A Jan. 18 article about the Bulletin of the Atomic Scientists┬┐ Doomsday Clock incorrectly attributed a quote to bulletin editor Mark Strauss. It was Lawrence M. Krauss, a professor of physics and astronomy at Case Western Reserve University and a board member of the bulletin, who said that nuclear science has changed the world, "but it hasn't managed to change the way that people think about the world, and that's why we're here."

Two Minutes Closer to Doomsday

University of Cambridge professor Stephen Hawking delivers his speech at the Bulletin of the Atomic Scientists' news conference in London.
University of Cambridge professor Stephen Hawking delivers his speech at the Bulletin of the Atomic Scientists' news conference in London. (By Bruno Vincent -- Getty Images)

Washington Post Staff Writer
Thursday, January 18, 2007

The Doomsday Clock, the Bulletin of the Atomic Scientists' ticking nudge to the world's conscience, moved two minutes closer to nuclear midnight yesterday, the closest to doomsday it has been since the Cold War.

North Korea's nuclear bomb test, Iran's nuclear plans, and atomic energy projects posed as an answer to climate change prompted the scientific journal to move the hands of the clock on its cover to 11:55. Midnight represents doomsday on the clock, for six decades a symbolic indicator of the threat posed by nuclear proliferation.

Nuclear science has changed the world, "but it hasn't managed to change the way that people think about the world, and that's why we're here," said Mark Strauss, editor of the journal, founded by University of Chicago scientists whose work on the first atomic bomb led them to anti-nuclear advocacy. Decisions to change the clock come from the bulletin's board of sponsors, a group of scientists and policymakers that includes 18 Nobel laureates.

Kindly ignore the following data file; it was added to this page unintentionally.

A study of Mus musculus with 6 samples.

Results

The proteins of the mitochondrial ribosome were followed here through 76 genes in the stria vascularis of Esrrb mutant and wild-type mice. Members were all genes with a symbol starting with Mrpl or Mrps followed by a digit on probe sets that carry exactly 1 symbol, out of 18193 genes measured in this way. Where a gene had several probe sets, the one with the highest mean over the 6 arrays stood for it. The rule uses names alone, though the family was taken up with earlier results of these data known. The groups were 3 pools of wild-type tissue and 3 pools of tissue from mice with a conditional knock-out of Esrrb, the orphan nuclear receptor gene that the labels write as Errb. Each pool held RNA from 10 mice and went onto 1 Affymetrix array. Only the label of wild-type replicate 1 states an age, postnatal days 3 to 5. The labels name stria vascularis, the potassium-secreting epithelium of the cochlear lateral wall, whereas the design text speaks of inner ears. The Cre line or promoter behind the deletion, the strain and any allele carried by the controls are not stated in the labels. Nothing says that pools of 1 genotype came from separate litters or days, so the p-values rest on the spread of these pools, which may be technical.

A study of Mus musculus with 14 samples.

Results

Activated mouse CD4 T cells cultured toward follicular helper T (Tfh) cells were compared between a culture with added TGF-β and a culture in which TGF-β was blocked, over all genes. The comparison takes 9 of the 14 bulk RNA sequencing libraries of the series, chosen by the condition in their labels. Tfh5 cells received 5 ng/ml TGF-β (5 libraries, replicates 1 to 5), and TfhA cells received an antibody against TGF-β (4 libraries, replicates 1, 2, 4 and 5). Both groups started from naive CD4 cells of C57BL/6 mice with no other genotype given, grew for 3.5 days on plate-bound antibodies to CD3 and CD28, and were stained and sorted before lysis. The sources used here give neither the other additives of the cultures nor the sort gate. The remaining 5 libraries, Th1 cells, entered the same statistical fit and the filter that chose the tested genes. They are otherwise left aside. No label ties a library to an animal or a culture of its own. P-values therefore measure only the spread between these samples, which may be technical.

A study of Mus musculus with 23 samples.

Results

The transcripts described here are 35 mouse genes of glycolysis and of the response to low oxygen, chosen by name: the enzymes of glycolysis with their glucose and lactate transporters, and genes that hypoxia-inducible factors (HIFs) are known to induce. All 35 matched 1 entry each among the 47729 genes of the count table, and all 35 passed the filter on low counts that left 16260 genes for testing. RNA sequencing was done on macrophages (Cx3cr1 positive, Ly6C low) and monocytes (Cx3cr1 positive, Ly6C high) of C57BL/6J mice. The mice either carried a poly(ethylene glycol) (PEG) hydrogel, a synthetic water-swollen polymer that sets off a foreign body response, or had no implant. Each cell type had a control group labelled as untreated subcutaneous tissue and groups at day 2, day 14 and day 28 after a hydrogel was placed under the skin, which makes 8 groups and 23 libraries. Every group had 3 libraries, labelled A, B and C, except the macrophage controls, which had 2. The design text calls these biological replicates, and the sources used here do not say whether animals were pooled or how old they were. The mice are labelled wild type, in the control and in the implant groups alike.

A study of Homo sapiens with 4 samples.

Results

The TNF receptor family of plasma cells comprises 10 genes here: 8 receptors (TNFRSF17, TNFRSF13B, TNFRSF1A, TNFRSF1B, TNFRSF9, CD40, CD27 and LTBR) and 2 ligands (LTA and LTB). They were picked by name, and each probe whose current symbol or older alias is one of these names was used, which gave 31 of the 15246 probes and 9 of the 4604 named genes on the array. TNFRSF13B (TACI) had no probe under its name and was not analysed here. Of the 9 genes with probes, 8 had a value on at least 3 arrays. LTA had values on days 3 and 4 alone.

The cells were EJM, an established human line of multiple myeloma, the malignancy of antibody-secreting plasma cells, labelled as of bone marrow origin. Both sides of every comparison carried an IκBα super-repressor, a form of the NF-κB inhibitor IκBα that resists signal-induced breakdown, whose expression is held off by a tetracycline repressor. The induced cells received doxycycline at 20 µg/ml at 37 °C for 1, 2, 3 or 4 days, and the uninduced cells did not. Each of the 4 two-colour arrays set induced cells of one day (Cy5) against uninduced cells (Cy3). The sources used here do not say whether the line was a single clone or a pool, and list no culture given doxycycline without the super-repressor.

The group unveiled the new clock and made a statement at a joint news conference in Washington and London yesterday. "Not since the first atomic bombs were dropped on Hiroshima and Nagasaki has the world faced such perilous choices," the statement declared.

Nuclear weapons expansion, renewed emphasis on nuclear weapons in war and poor safeguards of nuclear materials "are symptomatic of a failure to solve the problems posed by the most destructive technology on Earth."

This is the 18th time the clock's hands have moved since it was created in 1947. At the start of the nuclear arms race in 1953, the timepiece came within two minutes of midnight. In 1991, after the United States and the Soviet Union signed the Strategic Arms Reduction Treaty, the clock moved the farthest from doomsday it has ever been, to 11:43.

"Bush the father's policy decisions produced the biggest one-time move away from midnight the clock ever experienced and Bush the son's policy decisions have pushed the clock almost as close to midnight as it's ever been," said Thomas Blanton, director of the National Security Archive at George Washington University and a former member of the Atomic Scientists board that sets the clock.

Yesterday's announcement was attended by scientists and policymakers including Stephen Hawking, an astrophysicist, author and University of Cambridge mathematics professor; Sir Martin Rees, president of the Royal Society; and Leon Lederman, director emeritus of the Fermi Laboratory.

Thomas Pickering, co-chairman of the International Crisis Group, sounded one of the news conference's few semi-bright notes by pointing to renewed talks with nuclear aspirants: "Diplomacy ought to be our first resort, especially when there is time."